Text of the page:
Academic integrity and ethics
Academic integrity serves to protect intellectual achievements by copyright and it affects all of us. It is the touchstone when it comes to assessing the quality of academic work. Academic integrity is thus a prerequisite for all work in our degree courses (seminar papers, presentations, etc.), for final theses (BA and MA) and for research projects, in particular where data is concerned.
Academic misconduct occurs more frequently than one might think, for example through inadequate or withheld references to literature and research results that have already been published. In an anonymous survey, up to 33% of all researchers said that they used questionable research practices. These included not only conscious falsification, but also incorrect quotations and citation methods and false information on sources.
According to a Swiss Academies of Arts and Sciences publication, academic or scientific misconduct consists of deliberate or negligent deception or damage to the academic or scientific community and to society. Negligence is considered to be behaviour which breaches the duty of care or due diligence that is generally or technically recognised. Incitement and tolerated joint knowledge are also considered to be misconduct. (See: Akademien der Wissenschaften Schweiz (Hrsg.) (2008): Wissenschaftliche Integrität. Grundsätze und Verfahrensregeln. Page 19.)
Key indicators regarding academic integrity
- Data collection meets the requirements of privacy and data protection (anonymous surveys, written declaration of consent from those taking part, etc.)
- The handling and processing of data is diligent, conscientious, accountable and transparent in terms of methods and in the way in which it is presented.
- Analysis corresponds to the current state of research and specified research methods.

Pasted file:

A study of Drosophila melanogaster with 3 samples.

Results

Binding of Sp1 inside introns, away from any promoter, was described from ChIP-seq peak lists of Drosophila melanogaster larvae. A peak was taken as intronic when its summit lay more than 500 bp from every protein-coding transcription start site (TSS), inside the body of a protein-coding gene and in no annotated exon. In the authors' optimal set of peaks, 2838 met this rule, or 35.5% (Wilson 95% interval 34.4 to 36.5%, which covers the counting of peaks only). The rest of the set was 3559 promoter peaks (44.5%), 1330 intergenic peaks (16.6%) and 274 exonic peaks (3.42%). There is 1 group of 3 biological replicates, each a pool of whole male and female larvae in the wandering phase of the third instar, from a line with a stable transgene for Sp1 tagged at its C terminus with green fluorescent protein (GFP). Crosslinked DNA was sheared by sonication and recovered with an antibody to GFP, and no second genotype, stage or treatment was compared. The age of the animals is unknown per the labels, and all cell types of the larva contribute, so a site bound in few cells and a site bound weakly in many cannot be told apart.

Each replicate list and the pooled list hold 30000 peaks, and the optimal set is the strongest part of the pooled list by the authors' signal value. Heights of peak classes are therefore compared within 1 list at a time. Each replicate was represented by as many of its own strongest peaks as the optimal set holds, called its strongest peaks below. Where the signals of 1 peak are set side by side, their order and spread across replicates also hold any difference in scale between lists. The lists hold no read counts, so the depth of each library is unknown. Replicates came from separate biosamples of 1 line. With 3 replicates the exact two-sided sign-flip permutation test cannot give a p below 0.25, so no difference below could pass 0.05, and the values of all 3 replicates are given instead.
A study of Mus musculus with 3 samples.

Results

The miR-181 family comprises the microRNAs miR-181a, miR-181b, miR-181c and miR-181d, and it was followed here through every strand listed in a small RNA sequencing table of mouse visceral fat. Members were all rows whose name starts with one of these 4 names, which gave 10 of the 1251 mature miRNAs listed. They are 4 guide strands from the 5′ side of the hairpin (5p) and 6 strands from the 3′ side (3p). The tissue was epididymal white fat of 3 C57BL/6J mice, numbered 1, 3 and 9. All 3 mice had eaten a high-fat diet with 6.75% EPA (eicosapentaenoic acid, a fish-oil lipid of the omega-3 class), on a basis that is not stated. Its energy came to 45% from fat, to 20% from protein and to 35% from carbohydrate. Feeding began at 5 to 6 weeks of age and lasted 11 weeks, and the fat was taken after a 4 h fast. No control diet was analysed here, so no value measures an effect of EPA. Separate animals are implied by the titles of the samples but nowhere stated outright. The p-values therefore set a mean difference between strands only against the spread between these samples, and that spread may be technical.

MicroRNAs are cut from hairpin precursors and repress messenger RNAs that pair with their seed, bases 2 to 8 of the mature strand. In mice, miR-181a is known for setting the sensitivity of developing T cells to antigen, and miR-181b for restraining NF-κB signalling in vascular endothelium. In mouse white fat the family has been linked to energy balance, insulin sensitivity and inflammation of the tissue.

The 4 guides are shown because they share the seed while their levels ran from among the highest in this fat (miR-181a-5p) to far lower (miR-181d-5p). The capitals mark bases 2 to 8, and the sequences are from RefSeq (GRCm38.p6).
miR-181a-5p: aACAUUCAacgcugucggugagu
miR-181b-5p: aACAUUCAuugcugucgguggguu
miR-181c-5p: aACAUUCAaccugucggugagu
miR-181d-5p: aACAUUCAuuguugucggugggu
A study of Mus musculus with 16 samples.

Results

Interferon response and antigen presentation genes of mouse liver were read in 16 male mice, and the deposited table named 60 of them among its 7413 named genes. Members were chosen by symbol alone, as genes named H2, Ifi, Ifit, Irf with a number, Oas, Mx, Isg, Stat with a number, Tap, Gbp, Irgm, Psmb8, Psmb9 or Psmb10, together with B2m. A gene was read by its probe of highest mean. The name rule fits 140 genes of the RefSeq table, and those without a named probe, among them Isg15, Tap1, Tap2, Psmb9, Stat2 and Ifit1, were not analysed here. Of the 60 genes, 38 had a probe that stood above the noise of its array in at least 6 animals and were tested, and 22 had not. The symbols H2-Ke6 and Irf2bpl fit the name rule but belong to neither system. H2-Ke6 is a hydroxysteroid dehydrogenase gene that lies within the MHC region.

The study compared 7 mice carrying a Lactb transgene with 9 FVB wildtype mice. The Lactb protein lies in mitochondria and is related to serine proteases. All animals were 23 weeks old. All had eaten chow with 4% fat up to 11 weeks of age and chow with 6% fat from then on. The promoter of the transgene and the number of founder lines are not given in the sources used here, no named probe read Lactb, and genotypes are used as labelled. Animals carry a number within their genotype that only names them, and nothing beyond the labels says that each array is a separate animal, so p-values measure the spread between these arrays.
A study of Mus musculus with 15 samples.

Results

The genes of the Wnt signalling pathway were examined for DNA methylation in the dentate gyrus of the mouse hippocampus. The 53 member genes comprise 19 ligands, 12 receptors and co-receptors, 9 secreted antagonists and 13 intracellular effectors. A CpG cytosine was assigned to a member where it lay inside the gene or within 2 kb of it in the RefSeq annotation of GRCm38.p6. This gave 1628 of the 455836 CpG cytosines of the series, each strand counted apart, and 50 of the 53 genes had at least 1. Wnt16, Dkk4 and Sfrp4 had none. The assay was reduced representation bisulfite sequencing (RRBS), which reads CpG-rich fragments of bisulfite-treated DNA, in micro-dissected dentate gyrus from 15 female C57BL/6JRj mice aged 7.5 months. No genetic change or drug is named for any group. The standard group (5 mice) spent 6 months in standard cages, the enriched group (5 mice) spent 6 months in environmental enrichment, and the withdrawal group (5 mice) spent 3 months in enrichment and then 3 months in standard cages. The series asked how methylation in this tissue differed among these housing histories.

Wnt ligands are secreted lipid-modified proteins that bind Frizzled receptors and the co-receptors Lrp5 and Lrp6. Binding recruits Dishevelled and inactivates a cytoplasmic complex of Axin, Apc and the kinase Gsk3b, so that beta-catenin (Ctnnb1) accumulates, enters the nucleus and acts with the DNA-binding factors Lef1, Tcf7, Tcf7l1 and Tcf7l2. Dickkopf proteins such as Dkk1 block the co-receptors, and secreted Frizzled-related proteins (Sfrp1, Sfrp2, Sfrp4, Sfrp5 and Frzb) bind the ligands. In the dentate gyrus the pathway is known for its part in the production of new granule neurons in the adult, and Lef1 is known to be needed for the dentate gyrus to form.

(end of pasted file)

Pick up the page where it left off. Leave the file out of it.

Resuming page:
- Citations in the text from external authors are fully referenced and sources given in the bibliography.
- Paraphrased content from research literature and published research results are correctly provided with bibliographical references in the text, and information on sources are included in the bibliography.
- A full bibliography, according to bibliographical guidelines and specifications, is part of the paper.
If you are unsure of whether something constitutes plagiarism, you may consult the documents available at the Ombuds Office, or you may have a direct and confidential consultation at the Ombuds Office.
Ethics in teaching and research
Working with authentic, empirical or experiment- based data is a prerequisite for new findings in research. Data is also used and sometimes collected in teaching. Ethical principles must be observed here.
Data acquisition in empirical research
Since the Federal Act on Research involving Human Beings (Human Research Act HRA) came into force on 01.01.2014, stricter regulations have applied to the acquisition of data related to human beings. In the case of language recording, it must particularly be noted that this must be completely anonymised. This means that information on names, gender, age, profession, etc. of participants may not be listed. An anonymised survey may only include abbreviations and information organised as codes, but not information that would make it possible to trace the identity of the person involved.
All data acquisition, such as in surveys, interviews, recorded conversations, etc., in which data related to persons is collected, must be cleared by the Ethics Commission as regards its appropriateness.
The Cantonal Ethics Commission of Zurich (KEK) is responsible for all research carried out under the auspices of the ZHAW. Our Ombuds Office provides information for the School of Applied Linguistics.